Outsourcing can be a risky business, but can save money if properly managed. Emma Rubach offers some guidelines.
As the market for outsourcing matures, charities are becoming more daring about which functions they choose to hand over to third parties.
Where originally only HR, payroll and IT tended to be outsourced, a range of back-office and front-line activities are now looked after by other companies. Before rushing into agreements, charities need to be aware that outsourcing can be dangerous - working with a third party means handing over control of your image, for better or worse. But handled correctly, outsourcing can give you access to specialist skills that you don't have in-house - and it can save you significant amounts of money. This guide shows you how to avoid the pitfalls and protect your brand.
1Be aware of what is involved "Without understanding how outsourcing works, your expectations could be unrealistic," says Richard Fifield, director at Tenon Outsourcing. "The general level of understanding is not as good as it could be. A good outsourcer should be looking to drive down costs, but cheaper might not mean better quality."
Outsourcing can also lead to redundancies, raising the issue of complex negotiations under the Transfer of Undertakings (Protection of Employment) Regulations (Tupe). Although most charities won't have to worry about Tupe, it is worth bearing in mind. The NCVO's The Good Financial Management Guide has a section on outsourcing.
2Communicate As with all relationships, the key to healthy outsourcing is communication. Before committing yourself to a contract, it is important to make sure the outsourcer understands who you are and how you want to be represented. "Charities often say 'we're giving you our donors, our lifeblood'," says Damian Hanna, charity sales manager at direct mail and call centre specialist AMA. "Representation is very important - in outsourced call centres, calls require confident, empathetic people."
Your outsourcer should make every effort to give employees training to ensure they understand your requirements inside out. Some street fundraisers spend a day with the charity they will be working for to help them understand its mission and purpose, for instance.
3Decide where your image ends and the outsourcer's begins Good results rely on planning. It is crucial to prevent mixed messages, so decide from the start whether to come clean about outsourcing or not. Many organisations keep their outsourcing confidential, especially if it involves sensitive financial functions. But remember that in some circumstances it could be damaging if a supporter later finds out that the charity representative they spoke to is actually from another company. "A lot of organisations make the mistake of not considering this," explains Mark Freeman, chief executive of Charity Business. "Will the outsourcer act on behalf of the charity, or say it is that charity? A lot of organisations fall into their outsourcing proposition, when they should be deciding their business objectives and requirements before they enter the marketplace."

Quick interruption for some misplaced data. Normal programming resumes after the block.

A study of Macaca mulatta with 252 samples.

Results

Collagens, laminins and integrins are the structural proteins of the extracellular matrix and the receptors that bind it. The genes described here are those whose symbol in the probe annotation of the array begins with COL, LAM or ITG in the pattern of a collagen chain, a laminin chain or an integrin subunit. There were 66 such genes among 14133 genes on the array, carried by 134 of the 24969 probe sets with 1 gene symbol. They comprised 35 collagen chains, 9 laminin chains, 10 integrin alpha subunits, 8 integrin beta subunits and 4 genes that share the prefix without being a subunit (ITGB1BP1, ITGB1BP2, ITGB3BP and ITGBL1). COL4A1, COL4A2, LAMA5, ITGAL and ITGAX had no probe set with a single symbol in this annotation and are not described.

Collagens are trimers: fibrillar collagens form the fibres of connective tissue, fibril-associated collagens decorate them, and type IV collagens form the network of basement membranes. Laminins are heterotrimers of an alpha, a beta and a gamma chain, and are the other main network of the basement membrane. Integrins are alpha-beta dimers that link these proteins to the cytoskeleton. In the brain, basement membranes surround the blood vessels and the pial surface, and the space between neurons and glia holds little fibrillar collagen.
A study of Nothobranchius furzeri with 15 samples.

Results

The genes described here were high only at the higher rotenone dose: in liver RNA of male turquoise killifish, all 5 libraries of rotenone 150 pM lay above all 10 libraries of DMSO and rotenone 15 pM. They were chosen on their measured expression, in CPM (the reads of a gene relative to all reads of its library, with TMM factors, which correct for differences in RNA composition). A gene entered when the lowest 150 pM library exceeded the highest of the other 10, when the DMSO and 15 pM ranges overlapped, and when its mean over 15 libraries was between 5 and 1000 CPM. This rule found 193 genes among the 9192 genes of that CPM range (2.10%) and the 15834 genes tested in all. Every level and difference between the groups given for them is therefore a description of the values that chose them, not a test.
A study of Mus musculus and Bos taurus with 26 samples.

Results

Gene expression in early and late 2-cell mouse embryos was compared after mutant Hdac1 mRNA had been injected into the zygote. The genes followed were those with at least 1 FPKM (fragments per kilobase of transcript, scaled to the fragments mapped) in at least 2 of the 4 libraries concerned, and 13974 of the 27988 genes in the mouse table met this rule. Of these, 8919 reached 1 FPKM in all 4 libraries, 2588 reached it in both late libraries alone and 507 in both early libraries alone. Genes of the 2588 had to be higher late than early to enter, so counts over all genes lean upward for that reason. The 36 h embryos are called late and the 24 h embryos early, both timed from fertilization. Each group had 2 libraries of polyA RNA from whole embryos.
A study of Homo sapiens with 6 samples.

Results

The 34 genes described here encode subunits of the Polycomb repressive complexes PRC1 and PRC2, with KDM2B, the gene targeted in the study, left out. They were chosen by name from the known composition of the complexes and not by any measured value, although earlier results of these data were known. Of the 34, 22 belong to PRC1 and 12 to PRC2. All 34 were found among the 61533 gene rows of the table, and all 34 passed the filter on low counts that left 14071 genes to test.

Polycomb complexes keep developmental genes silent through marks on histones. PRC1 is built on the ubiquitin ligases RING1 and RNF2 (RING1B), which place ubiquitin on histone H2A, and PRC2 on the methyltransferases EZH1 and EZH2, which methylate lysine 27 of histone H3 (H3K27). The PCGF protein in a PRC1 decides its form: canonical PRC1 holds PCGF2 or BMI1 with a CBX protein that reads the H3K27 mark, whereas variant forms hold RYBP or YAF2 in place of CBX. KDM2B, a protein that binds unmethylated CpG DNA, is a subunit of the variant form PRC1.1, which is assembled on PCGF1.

4Use a specialised outsourcer The market for outsourcing is becoming saturated with companies offering to take the work off your hands, from book-keeping to recruitment. But few specialise in charities. Look for a company that has a dedicated charity arm and ask for references from its current clients. "There are very few outsourcers who work solely in the charity market," explains Freeman. "The decision-making process for charities tends to take longer, and you need an organisation that understands that."
5Negotiate an effective service-level agreement The devil is in the detail. Tearcraft, the commercial arm of aid charity Tearfund, got its fingers burned when its fulfilment supplier failed to deliver the goods for Christmas. Neil Stevens, incoming UK business manager, terminated the relationship with the company and moved Tearcraft's business to Prolog.
"The problem was caused by the fact that we weren't sure what we needed, so the outsourcer was unsure and the job didn't get done," he says. "When pitching, a company will say anything is possible. We spent a long time setting out what was needed with Prolog. The key was a service-level agreement and a contract that says these requirements will be met."
6Keep talking "If you have to start talking about the contract, things have gone wrong," says Stevens. Don't let grievances grow to the point where lawyers are involved. Work to ensure both outsourcer and charity know where they stand, what is required of them and who is responsible for which part of the deal. "Grey areas are the death of outsourcing," warns Tenon's Fifield. Problems can develop if a function is handed over to the outsourcer without understanding, on both sides, of the implications.
"The charity should offer a complete breakdown of what is being transferred," he says. "And the outsourcer should be able to map the process effectively so everyone knows what to expect."